After the bombing, we need a gulf policy

Anthony H. Cordesman

June 30, 1993|By Anthony H. Cordesman

WHILE the attack on the Baghdad headquarters of the Iraqi intelligence service is symbolically important, demonstrating that President Clinton is prepared to use force -- and to do so independently -- a larger vision and further action are required.

Our policy toward the Persian Gulf has been in limbo since the cease-fire in 1991.

It has been shaped largely by the hope that the limited use of force combined with the United Nations' sanctions and embargo will force Saddam Hussein from power. But it is by no means certain that this pressure can bring Saddam down. He could be felled tomorrow during internal struggles with his closest supporters or his senior military officers.

Or he could last for years, responding to U.N. and U.S. pressures by forcing new sacrifices on the Iraqi people, provoking new confrontations to arouse Iraqi nationalism and increasing the ruthlessness of his oppressive regime.

U.S. policy cannot be based on hope and a war of attrition or the fate of one man who may be replaced by an equally aggressive leader. It needs clear and achievable goals.

This means Clinton must shift from a policy based on driving Saddam from power to one based on long-term containment that the United States, our allies, in and outside the region, and the United Nations can live with.

Our policy goals might take this form:

* The Kurds. The United States evidently has quietly opposed a formal Kurdish autonomy agreement with the regime because it felt such an agreement would help Saddam stay in power.

The United States should make it clear that while it does not support an independent Kurdish nation, it does insist on the kind of formal agreement on autonomy that protects the Kurds' legal and cultural rights, and their access to a fair share of Iraqi oil revenues.

The United States ought to work with Turkey and its other allies to develop guarantees of Kurdish autonomy in Iraq that are separate from the issue of Kurdish nationalism elsewhere in the Middle East.

* Kuwait's security. Mr. Clinton needs to make it clear that there can be no new relationship and real easing of tension and U.N. sanctions without Saddam's formal agreement to Kuwait's sovereignty and Kuwait's new boundaries.

An agreement signed only by Iraqi diplomats is meaningless, but the Algiers accords on the Iran-Iraq border in 1975 showed that Iraq's leadership could sometimes be forced to keep its word -- for a while.

* The Shiites in the south. The United States should accept the fact that a no-fly zone does nothing to protect the Shiites in southern Iraq, who already are firmly under the control of Saddam's army and internal-security forces. It should acknowledge that the 3,000- to 5,000-man rebel force is no more than an Iranian proxy and cannot overthrow Saddam.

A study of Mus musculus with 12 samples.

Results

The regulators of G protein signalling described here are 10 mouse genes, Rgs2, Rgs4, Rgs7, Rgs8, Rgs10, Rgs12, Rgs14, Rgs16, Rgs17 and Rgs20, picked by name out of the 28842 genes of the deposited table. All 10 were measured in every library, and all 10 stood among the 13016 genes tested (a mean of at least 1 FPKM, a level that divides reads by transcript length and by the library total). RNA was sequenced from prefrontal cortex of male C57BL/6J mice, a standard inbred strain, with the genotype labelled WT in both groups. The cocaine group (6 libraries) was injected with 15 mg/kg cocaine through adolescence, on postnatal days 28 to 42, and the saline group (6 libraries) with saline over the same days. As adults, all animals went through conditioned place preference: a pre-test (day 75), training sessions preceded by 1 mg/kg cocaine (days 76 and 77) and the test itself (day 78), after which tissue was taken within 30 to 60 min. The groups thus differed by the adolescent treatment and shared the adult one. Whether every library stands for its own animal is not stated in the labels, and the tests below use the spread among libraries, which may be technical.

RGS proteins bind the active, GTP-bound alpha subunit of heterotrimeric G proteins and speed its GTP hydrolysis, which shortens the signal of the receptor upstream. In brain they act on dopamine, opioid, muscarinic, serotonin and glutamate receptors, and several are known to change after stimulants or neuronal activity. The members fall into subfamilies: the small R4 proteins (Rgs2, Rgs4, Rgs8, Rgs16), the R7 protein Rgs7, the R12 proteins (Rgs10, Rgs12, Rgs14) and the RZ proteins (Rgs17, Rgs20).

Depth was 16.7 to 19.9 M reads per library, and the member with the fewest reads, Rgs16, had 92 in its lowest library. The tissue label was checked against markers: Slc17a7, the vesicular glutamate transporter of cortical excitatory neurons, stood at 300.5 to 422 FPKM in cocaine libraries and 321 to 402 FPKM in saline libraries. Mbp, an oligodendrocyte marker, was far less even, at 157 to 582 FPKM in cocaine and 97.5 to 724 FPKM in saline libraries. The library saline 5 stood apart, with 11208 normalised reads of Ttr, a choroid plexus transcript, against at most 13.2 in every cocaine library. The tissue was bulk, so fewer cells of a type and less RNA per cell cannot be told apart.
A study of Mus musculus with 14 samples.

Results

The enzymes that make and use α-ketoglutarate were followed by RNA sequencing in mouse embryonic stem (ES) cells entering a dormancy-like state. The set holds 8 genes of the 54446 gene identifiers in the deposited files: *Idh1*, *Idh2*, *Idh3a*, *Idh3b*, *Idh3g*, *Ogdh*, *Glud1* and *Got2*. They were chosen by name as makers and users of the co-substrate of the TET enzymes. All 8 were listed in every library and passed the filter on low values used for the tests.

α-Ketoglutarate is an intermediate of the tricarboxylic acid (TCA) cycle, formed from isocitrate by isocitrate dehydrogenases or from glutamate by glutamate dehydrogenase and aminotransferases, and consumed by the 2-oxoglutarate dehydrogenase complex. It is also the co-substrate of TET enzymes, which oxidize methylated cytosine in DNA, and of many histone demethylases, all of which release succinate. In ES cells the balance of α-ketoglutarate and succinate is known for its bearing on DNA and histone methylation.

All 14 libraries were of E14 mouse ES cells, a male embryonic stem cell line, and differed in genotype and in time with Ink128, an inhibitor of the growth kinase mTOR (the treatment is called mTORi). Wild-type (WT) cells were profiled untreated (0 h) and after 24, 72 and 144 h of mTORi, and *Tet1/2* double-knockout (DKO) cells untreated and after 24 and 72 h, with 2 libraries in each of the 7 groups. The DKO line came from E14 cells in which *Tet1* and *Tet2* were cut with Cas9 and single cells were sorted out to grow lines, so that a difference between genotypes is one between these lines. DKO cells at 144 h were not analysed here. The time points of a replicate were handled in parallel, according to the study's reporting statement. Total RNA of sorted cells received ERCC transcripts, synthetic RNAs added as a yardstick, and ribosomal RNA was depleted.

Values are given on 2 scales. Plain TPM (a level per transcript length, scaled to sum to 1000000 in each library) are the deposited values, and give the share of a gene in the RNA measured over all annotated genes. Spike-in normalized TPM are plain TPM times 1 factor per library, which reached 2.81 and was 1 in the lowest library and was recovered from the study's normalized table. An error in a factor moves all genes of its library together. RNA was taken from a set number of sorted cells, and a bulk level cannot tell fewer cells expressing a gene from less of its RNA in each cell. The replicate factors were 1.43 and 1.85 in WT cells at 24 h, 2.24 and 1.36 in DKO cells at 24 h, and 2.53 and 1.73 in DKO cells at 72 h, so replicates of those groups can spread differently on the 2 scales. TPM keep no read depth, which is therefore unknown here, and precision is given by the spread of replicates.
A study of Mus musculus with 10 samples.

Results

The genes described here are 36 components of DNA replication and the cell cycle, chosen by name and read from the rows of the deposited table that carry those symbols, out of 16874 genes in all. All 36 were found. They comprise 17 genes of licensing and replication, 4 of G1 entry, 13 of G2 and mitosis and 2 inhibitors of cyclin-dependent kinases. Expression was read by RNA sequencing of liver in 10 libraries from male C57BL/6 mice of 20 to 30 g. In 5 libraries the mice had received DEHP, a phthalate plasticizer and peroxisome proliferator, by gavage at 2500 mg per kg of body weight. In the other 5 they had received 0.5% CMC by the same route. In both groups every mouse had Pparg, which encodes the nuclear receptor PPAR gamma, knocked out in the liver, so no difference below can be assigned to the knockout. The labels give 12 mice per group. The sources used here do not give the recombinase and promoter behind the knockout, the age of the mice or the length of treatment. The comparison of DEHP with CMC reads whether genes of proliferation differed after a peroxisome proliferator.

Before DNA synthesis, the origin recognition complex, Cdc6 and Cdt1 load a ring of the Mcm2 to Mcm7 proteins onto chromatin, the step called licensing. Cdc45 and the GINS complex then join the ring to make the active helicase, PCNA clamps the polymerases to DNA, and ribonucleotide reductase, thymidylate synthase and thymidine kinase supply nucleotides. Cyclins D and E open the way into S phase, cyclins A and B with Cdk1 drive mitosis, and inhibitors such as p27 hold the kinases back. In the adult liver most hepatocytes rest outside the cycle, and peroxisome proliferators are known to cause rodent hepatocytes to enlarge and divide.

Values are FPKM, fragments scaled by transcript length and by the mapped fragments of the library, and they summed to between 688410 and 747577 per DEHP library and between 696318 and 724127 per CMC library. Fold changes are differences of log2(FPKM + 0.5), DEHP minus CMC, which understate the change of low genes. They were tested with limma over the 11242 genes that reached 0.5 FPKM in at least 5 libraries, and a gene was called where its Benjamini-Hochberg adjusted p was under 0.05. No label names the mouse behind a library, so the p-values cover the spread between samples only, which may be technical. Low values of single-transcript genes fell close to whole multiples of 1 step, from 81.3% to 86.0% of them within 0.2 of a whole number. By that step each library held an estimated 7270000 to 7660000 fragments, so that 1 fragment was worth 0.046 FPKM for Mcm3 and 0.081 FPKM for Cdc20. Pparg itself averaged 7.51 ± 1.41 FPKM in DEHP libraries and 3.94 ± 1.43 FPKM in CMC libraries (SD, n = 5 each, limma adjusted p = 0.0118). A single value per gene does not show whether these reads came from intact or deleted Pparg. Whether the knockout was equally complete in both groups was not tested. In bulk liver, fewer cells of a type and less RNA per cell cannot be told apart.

The administration should make it clear that it would drop the no-fly zone in exchange for formal Iraqi agreement to the new Kuwaiti border and recognition of Kuwaiti sovereignty.

* Human rights. We have lost the battle to enforce the U.N. cease-fire agreements on human rights, except in the Kurdish security zone. The Iraqi army, security forces and secret police -- are in control, and formal Iraqi agreements to preserve human rights will be symbolic at best.

We need to shift to a policy exposing Iraq's abuses. That means expanding the State Department's human rights report and helping Amnesty International, Middle East Watch and the world's media by using our intelligence to disclose every new human rights abuse and publicly name the Iraqi officials responsible.

Saddam will ultimately go; even today few officials want to be identified as the henchmen who carried out his orders.

* Weapons of mass destruction. The United states should help the United Nations set realistic goals for what the U.N. Special Commission and International Atomic Energy Agency can actually accomplish in the next six to 12 months, and demand that Iraq meet those goals.

It has to accept the grim fact that nothing the United States and United Nations can do can stop Iraq from eventually recovering its capability to use chemical and biological weapons, launch long-range missiles and exploit its nuclear weapons technology.

The best we can do is to delay this recovery as long as possible.

Washington should insist on a continuing international embargo on the transfer of all technology and equipment that would enable Baghdad to acquire such weapons. It should be prepared to reduce the leakage in such an embargo by sanctions on foreign countries and companies that violate it.

* Reparations, war crimes trials and the economic embargo. The sweeping U.N. resolutions and terms of the cease-fire dealing with war crimes and reparations are already unenforceable and doing more damage to the Iraqi people than Saddam. They are, however, powerful threats.